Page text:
A man has been jailed for life after becoming the first person to be retried for murder in the wake of changes to the 800-year-old double jeopardy law.
Billy Dunlop, 43, was acquitted of the 1989 murder of Julie Hogg, of Billingham, Teesside, in 1991.
He later confessed to a prison officer while serving time for assault, but at that time the law prevented a retrial.
He was told he must serve a minimum of 17 years in prison after pleading guilty last month.
Until the double jeopardy law was changed in April 2005, anyone acquitted by a jury could not be retried for the same offence.
Dunlop could only be prosecuted for lying at his earlier trial and was given six years in jail for perjury.
Julie Hogg's mother, Ann Ming and her husband, Charlie, 81, travelled to London from Teesside, to see Dunlop jailed on Friday.
After sentence was passed Mrs Ming, who described Dunlop as "pure evil", said: "I would have liked life to have meant life. Julie's murder has devastated our family and left us in turmoil.
"I would like to thank everyone who has helped us in the long, tireless campaign for justice for our daughter Julie.
"We just hope after 17 years when he is eligible for parole and if I'm dead, somebody carries on the good work and keeps him behind bars so he will never, ever kill anybody else again."
Earlier, in court, Mrs Ming sobbed as prosecutor Andrew Robertson, QC told the court: "Now the law has changed, in large part due to the long and persistent campaign by Mr and Mrs Ming who felt they and their daughter were being denied justice."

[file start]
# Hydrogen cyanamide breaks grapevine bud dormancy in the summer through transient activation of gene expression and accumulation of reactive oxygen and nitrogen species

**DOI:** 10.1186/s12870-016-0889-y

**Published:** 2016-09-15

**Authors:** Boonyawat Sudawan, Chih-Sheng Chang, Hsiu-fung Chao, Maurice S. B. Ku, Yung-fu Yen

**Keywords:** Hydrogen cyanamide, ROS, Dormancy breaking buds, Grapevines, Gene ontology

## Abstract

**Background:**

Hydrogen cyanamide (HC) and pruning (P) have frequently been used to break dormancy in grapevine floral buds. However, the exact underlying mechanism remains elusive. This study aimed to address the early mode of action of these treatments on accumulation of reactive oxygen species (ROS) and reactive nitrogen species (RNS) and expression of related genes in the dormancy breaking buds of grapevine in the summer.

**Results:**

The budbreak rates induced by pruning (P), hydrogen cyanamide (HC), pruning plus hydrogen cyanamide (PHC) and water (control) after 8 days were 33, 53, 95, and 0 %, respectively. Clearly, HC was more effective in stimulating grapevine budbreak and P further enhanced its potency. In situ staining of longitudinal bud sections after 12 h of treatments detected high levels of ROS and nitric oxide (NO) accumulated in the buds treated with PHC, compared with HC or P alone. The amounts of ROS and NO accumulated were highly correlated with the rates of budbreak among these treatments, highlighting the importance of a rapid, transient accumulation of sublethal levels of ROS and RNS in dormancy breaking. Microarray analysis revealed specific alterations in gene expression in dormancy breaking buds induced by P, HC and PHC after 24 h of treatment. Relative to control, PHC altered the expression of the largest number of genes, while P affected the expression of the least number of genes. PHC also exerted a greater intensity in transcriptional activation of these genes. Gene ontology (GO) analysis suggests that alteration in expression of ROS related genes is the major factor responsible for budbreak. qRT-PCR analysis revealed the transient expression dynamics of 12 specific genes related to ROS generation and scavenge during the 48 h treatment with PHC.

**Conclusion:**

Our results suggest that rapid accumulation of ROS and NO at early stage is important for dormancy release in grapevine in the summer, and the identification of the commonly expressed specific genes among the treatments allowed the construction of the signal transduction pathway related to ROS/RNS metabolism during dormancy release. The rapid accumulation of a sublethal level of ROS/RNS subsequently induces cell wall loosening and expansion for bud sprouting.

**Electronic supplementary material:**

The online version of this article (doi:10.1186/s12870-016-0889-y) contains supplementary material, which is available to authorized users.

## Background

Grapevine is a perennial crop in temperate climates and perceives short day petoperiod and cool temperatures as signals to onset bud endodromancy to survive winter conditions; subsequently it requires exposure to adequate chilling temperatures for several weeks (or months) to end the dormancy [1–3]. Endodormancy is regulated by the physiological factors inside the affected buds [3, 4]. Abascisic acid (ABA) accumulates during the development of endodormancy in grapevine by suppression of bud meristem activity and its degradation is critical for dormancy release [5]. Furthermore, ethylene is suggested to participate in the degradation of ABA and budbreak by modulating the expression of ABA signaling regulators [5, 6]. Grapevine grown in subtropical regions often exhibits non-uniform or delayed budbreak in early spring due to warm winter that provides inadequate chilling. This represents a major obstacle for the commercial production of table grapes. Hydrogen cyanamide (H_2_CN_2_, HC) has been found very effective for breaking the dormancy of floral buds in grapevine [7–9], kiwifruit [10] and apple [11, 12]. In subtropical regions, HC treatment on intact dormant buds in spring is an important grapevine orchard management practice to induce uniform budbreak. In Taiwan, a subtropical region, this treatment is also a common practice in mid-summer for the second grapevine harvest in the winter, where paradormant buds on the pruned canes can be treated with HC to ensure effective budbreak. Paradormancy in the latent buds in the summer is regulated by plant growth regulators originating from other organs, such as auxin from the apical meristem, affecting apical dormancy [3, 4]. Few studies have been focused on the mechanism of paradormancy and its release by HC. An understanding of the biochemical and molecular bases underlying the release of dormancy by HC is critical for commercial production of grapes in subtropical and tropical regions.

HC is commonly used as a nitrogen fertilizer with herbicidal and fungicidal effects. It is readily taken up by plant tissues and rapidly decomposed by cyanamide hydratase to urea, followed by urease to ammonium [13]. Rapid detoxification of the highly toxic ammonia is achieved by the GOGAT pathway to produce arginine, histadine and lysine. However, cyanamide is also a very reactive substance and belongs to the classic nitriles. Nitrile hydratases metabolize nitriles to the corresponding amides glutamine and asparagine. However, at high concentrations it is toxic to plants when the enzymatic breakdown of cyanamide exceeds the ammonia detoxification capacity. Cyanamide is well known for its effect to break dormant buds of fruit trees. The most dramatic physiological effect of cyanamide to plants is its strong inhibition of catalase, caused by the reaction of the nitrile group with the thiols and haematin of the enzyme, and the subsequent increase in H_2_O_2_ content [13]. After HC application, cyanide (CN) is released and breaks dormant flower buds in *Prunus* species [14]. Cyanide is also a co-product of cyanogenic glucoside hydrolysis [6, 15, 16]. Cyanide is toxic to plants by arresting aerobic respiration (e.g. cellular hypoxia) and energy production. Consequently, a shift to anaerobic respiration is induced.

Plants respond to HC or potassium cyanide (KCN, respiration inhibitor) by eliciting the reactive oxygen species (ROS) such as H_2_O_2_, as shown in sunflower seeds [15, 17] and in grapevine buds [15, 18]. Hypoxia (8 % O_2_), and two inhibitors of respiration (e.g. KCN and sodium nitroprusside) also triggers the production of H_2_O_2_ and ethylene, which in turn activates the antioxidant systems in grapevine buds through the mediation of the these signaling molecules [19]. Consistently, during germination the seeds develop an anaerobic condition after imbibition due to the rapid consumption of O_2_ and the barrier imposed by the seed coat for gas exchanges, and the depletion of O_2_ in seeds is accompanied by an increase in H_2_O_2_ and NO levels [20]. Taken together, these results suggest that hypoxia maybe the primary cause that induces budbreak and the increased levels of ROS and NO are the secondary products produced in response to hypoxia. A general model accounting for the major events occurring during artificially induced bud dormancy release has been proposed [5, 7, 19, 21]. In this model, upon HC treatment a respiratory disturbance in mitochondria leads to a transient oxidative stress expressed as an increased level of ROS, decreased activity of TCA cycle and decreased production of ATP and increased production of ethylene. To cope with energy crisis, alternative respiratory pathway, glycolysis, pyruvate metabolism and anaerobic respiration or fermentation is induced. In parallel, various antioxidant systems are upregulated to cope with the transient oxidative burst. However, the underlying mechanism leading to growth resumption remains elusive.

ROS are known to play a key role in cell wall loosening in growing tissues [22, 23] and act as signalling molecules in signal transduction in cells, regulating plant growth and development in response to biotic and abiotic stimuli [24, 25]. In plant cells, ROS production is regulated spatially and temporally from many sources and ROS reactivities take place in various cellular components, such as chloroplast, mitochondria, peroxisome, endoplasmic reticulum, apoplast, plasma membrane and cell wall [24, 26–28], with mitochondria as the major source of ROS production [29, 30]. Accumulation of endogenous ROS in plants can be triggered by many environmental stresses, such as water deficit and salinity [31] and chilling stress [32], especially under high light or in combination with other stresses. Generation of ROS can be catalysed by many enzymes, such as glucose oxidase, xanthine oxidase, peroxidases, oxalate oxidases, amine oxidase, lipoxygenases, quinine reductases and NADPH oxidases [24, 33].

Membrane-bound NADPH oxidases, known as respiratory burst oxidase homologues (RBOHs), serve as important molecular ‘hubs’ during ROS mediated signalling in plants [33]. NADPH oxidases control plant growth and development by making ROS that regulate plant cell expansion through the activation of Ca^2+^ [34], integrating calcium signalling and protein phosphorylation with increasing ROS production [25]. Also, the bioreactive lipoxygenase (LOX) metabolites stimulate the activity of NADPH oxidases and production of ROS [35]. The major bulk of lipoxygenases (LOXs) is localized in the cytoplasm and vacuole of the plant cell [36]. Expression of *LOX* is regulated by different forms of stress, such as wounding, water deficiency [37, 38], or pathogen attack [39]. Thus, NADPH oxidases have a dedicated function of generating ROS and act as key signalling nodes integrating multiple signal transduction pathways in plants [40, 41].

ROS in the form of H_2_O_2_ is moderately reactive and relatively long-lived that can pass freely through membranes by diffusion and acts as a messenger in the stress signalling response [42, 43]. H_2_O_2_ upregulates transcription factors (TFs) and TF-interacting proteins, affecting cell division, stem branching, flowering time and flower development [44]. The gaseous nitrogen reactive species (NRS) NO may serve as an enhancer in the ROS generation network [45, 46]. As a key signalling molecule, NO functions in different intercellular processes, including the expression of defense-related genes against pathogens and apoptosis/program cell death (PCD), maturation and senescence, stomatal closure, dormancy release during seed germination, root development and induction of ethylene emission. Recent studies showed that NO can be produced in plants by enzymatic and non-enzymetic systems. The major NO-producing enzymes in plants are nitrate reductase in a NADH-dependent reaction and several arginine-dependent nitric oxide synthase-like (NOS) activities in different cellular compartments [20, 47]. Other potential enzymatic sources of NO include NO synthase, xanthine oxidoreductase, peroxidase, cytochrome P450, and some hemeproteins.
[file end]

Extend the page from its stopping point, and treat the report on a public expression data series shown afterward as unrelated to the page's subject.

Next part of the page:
An impact statement from Mrs Ming was read to the judge, Mr Justice Calvert-Smith.
In it, she told of the "indescribable" shock and after-effects of finding the body after police had failed to discover it during a search.
"As a family, we are damaged beyond repair and will never be the same again as Julie will never return home," she said.
Ms Hogg, who was separated from her husband, had a son, Kevin, who was three when she was murdered.
He was not in court today, but his impact statement said: "I have missed out on a mother's love.
"I have missed out on a childhood. I have never been able to understand why the man who killed my mother had not been caught by police and sent to prison."
Timothy Owen QC, defending, said Dunlop had confessed through remorse and because he wanted to make a clean breast of his crime.
Mr Justice Calvert-Smith said he could not take into account violent crimes committed by Dunlop since the murder, but they would be considered by the Parole Board, which would eventually decide when he would be released.
Ann Ming thanked her supporters outside the court
Outside the court, Det Supt Dave Duffey, of Cleveland Police said: "The whole campaign has been based on Ann. She's a determined, driven woman. I've got nothing but admiration for her.
"There's no doubt in my mind that she's been focal to changing the law."
After the double jeopardy law was changed in April 2005 Cleveland Police re-opened the case into Ms Hogg's murder.
The pizza delivery woman had been initially reported missing but her body was discovered months later behind a bath panel by her mother.
Dunlop, a labourer who lived nearby, was charged with the murder.
He faced two trials, but each time the jury failed to reach a verdict and he was formally acquitted in 1991.
The law change only applies to England and Wales. In Scotland the former ruling relating to double jeopardy rule still applies.